Shopping for Health Insurance, 10 Questions You Need to Answer – Update

Author: Kelley Filice Jensen

Obamacare, affordable care act, health insurance reform, Supreme Court, individual mandates, health care exchanges:  health care sure has been in the news, and it can be very confusing!  But, whether you have health insurance through your work or not, all this talk about health insurance begs the question:  what type of health insurance do I need?  Where to start?  What are my options?  Here are 10 questions you need to answer when shopping for health insurance or reviewing your health insurance coverage:

1)    Relationship status:  single, married, family?  Has your status changed?  Are you going through a divorce?

A single man in his 20’s that cliff dives or snowboards every weekend has much different insurance needs than a family of four, or even a single man in his 50’s.  Any potential health plan starts with who will be covered under the plan and what their lifestyle is.  What is yours?

Going through a divorce, and you previously had insurance through your spouse’s work?  Check out these blogs about divorce and COBRA.

2)    What about maternity coverage?

Prior to health care reform, maternity coverage was something to pay attention to when purchasing a health plan, because not all plans contained maternity coverage, and a woman of child bearing age does not want to discover she is pregnant with no health insurance.  However, health care reform has defined certain essential health benefits, and maternity coverage is one of them.  So, any plan that you are considering will have maternity coverage if you or a loved one need it.

3)    Do you go to the doctor frequently?

Do you have a chronic condition or a once a year physical kind of patient?  Do you like to be examined by a doctor if you catch the flu or sprain your ankle, just to be safe, or do you refuse to go to the doctor unless it is absolutely unavoidable?

4)    Do you have a regular prescription to fill?

Is your prescription something widely available in generic form?  How often does it require refill?  Ask the pharmacist to give you an example of the retail cost of the prescription if not covered by your insurance. Read here for tips on saving money on prescriptions, and read about preventing medication errors.

5)    Do you need a certain doctor or specialist?

Some people will only see a doctor that has been recommended by a trusted friend or family member, others figure that if they have seen one, they have seen them all.  If a certain doctor, specialist, health care center or hospital are important to you, double check that the comparable health plans you are choosing between cover your favorite doctor.  There are insurance carrier directories listing doctors and networks, or you can call the doctor personally.

6)    Do you have a pre-existing condition?

A pre-existing condition is a condition, disability, physical or mental illness that you have before you enroll in a health plan.    Pre-existing condition EXCLUSIONS included in a section of an insurance policy that states the plan will not pay benefits for a condition, disability or illness that existed before the policy began.  Under provisions of  The Affordable Care Act, by 2014, insurance companies will no longer be able to deny coverage based on a pre-existing condition.

When applying for insurance, it is very important to list all medical history accurately and completely.  Lying or omitting information about your medical historyis fraudulent.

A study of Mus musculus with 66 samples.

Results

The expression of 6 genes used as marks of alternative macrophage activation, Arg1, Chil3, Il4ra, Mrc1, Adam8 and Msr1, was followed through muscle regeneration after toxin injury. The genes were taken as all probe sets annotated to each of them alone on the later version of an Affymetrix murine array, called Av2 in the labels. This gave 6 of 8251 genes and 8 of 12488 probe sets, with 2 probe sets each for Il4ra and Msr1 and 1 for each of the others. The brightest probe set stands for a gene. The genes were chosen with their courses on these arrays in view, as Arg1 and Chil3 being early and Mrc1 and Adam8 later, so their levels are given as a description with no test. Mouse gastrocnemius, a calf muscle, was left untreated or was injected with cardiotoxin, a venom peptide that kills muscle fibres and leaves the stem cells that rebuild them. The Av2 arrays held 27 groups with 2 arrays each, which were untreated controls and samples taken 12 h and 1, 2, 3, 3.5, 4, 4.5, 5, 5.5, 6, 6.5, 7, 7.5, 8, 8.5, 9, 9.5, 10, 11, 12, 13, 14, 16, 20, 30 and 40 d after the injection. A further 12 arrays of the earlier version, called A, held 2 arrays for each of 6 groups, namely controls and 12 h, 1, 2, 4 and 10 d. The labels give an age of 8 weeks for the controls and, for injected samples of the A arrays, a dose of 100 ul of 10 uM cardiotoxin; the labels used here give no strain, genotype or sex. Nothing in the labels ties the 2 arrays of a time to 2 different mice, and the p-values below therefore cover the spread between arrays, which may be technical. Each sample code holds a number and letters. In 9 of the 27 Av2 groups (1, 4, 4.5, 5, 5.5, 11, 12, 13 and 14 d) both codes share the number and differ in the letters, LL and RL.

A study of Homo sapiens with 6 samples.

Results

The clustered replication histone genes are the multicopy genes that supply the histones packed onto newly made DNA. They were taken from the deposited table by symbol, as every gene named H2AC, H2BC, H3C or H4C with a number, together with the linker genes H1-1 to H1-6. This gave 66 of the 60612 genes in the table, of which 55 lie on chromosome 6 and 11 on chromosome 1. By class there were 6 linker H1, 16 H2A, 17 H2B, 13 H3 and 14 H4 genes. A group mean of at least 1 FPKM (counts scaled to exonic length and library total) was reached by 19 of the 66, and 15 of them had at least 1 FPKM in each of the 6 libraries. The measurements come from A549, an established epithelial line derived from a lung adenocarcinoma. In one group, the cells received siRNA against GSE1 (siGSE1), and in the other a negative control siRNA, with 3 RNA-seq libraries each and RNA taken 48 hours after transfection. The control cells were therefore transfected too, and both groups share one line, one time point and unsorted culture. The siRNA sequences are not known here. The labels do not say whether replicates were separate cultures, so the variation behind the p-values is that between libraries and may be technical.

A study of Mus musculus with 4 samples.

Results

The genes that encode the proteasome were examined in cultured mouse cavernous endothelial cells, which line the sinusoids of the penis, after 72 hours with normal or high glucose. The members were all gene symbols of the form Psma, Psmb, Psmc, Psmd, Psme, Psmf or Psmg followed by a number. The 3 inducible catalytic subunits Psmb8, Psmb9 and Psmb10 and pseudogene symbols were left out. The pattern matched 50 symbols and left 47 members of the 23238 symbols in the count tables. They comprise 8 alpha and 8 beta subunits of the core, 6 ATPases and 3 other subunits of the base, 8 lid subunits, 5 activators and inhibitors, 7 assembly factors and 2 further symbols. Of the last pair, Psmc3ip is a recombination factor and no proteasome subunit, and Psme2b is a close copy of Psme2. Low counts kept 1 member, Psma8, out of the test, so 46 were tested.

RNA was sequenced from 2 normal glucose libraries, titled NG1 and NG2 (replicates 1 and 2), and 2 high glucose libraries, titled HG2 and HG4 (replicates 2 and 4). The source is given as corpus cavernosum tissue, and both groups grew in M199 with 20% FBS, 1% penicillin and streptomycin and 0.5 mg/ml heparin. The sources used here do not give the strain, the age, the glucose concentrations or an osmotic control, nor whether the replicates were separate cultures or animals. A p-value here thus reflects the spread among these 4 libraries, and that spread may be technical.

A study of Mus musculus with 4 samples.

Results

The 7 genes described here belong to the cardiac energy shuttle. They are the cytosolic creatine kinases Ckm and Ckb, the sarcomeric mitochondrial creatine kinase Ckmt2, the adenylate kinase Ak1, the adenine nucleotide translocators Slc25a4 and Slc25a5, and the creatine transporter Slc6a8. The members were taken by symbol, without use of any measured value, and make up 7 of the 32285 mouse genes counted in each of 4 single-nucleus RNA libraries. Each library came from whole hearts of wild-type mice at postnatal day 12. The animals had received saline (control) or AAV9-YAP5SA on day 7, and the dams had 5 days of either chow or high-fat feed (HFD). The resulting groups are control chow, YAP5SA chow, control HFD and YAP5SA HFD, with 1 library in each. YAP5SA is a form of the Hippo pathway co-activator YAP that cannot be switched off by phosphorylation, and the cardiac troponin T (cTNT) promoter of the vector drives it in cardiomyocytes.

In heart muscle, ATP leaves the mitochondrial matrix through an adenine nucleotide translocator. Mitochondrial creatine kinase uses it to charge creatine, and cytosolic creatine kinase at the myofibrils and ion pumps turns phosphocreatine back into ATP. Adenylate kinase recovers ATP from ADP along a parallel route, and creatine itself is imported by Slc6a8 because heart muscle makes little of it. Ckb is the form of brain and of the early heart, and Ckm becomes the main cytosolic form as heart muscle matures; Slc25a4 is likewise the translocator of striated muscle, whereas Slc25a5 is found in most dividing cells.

For more information about pre-existing conditions and The Affordable Care Act, check out this link

7)    How much can you spend on premiums, deductibles and copays?

Premiums are the amount you pay every month to have insurance coverage.

Deductibles are the amount you pay for claims BEFORE the insurance company starts to pay.  For example, if you have a $1,000 deductible, you will pay the first $1,000 of all insurance covered expenses such as doctor visits and prescriptions.

Copays are the amount you pay, in addition to what the insurance company pays, for each doctor visit, covered service or prescription drug.  For example, every time you go to the doctor, you may have a $20 copay.

The more you pay for deductibles and copays, the less you pay for monthly premiums, and vice versa.  So, it is important to budget how much you can spend monthly and yearly on health insurance. Learn more insurance terms here.

8)    What does each potential insurance plan NOT cover?

Each insurance plan has a list of excluded treatments and services.  It is very important to review and understand those exclusions, so you are prepared.  Check out these great tutorials all about health insurance, sponsored by Humana.

9)    What is your lifestyle?

Do you travel frequently?  Where?  What kind of coverage do you need if something happens when you are away from home?

What do you do for recreation and leisure?  Into extreme sports, or do you prefer the theatre?

How healthy and fit are you?  Do you take care of yourself?  Many insurance carriers offer discounts and incentives for healthy lifestyles.

10)  Do you want an HSA for things not covered by the insurance plan?

Are you a firm believer in alternative medicine?  Do you have expenses that you relate to your health but are not covered under traditional medical plans?  Things such as acupuncture, chiropractic, dental treatments, contact lenses, physical therapy, just to name a few.

You may benefit from having a Health Savings Account (HSA).  This is an account that can be funded with tax exempt dollars to pay for eligible medical expenses not covered by an insurance plan, including deductibles, and sometimes premiums.  There are requirements to meet for HSA eligibility, check out these blogs for great information on HSA’s.

11)   Get a quote on low cost individual health insurance and family health insurance now.